2334 papers with code • 144 benchmarks • 351 datasets
Question Answering is the task of answering questions (typically reading comprehension questions), but abstaining when presented with a question that cannot be answered based on the provided context.
Question answering can be segmented into domain-specific tasks like community question answering and knowledge-base question answering. Popular benchmark datasets for evaluation question answering systems include SQuAD, HotPotQA, bAbI, TriviaQA, WikiQA, and many others. Models for question answering are typically evaluated on metrics like EM and F1. Some recent top performing models are T5 and XLNet.
( Image credit: SQuAD )
- Open-Ended Question Answering
- Open-Domain Question Answering
- Conversational Question Answering
- Answer Selection
- Answer Selection
- Knowledge Base Question Answering
- Community Question Answering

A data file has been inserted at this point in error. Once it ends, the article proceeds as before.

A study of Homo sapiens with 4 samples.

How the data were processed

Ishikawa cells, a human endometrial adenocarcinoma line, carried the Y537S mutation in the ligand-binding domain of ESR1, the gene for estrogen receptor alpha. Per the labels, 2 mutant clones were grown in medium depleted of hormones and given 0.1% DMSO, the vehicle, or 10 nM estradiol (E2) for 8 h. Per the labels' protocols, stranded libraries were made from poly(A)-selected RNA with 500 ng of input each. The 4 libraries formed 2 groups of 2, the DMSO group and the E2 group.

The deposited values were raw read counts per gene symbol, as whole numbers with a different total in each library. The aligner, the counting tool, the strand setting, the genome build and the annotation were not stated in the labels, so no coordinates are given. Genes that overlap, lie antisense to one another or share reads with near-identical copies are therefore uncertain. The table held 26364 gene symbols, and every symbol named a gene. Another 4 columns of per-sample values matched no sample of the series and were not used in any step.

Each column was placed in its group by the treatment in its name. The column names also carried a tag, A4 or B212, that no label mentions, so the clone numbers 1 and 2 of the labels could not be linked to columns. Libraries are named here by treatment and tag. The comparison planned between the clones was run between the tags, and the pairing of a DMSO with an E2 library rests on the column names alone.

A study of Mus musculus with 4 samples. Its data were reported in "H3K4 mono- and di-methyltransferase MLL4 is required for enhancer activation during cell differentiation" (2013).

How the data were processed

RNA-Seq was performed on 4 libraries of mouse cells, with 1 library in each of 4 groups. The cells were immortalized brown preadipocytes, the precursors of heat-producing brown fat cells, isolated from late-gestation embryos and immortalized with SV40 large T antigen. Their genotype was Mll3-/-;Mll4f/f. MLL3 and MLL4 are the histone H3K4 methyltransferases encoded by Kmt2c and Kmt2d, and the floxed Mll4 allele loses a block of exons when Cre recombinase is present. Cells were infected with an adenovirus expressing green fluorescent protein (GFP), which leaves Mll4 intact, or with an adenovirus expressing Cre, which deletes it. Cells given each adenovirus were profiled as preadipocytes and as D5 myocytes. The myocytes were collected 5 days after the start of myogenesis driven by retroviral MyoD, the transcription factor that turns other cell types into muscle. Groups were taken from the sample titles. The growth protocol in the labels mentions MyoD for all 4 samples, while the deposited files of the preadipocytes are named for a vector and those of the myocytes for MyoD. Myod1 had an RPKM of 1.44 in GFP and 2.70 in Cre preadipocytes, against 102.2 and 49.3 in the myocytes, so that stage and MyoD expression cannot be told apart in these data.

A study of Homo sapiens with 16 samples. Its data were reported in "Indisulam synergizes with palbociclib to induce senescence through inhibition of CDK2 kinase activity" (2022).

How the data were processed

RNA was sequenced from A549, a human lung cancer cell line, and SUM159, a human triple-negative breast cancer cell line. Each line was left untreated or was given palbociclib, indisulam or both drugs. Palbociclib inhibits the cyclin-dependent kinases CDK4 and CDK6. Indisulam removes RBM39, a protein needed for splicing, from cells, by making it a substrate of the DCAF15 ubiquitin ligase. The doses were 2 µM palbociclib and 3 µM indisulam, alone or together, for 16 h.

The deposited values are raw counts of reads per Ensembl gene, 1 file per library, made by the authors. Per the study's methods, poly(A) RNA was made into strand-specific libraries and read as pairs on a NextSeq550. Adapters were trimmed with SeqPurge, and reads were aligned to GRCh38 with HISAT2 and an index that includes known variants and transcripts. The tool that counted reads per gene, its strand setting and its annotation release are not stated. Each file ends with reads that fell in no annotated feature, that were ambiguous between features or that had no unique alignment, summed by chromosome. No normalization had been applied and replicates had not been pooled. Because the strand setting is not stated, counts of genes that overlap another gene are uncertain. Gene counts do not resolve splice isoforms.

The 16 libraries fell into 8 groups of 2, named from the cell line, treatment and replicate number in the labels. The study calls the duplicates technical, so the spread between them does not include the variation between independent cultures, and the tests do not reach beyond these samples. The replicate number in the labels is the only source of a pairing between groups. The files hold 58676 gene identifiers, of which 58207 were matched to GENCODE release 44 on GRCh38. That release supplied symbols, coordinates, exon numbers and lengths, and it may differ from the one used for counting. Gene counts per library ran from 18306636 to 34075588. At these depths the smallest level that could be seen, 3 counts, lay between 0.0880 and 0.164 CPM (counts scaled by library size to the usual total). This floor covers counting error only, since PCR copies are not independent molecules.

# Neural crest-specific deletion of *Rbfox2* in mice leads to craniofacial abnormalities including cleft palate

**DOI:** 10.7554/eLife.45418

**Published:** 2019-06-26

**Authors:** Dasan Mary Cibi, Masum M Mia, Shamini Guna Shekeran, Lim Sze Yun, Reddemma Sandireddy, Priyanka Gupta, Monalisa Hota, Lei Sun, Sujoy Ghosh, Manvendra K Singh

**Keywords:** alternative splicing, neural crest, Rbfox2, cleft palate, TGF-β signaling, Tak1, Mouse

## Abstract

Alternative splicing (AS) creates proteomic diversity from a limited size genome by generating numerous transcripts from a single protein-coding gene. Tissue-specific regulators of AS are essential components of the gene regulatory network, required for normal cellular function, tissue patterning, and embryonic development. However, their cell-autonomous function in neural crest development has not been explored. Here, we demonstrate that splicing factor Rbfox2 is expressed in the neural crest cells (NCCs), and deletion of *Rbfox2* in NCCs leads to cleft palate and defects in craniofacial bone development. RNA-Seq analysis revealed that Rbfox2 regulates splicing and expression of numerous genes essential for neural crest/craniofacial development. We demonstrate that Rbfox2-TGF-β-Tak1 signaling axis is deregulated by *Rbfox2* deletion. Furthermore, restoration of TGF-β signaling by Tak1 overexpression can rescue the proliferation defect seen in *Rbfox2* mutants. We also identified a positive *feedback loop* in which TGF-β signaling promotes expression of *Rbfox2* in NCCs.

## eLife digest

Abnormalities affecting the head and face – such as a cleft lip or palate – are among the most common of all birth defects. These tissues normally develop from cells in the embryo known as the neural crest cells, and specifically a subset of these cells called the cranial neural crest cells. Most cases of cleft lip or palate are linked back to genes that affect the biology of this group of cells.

- Multiple Choice Question Answering (MCQA)
- Long Form Question Answering
- Generative Question Answering
- Cross-Lingual Question Answering
- Science Question Answering
- Zero-Shot Video Question Answer
- Mathematical Question Answering
- Temporal/Casual QA
- Logical Reasoning Question Answering
- Multilingual Machine Comprehension in English Hindi
- True or False Question Answering
- Question Quality Assessment
We introduce a new language representation model called BERT, which stands for Bidirectional Encoder Representations from Transformers.
Language model pretraining has led to significant performance gains but careful comparison between different approaches is challenging.
Increasing model size when pretraining natural language representations often results in improved performance on downstream tasks.
Transfer learning, where a model is first pre-trained on a data-rich task before being fine-tuned on a downstream task, has emerged as a powerful technique in natural language processing (NLP).
BART: Denoising Sequence-to-Sequence Pre-training for Natural Language Generation, Translation, and Comprehension
We evaluate a number of noising approaches, finding the best performance by both randomly shuffling the order of the original sentences and using a novel in-filling scheme, where spans of text are replaced with a single mask token.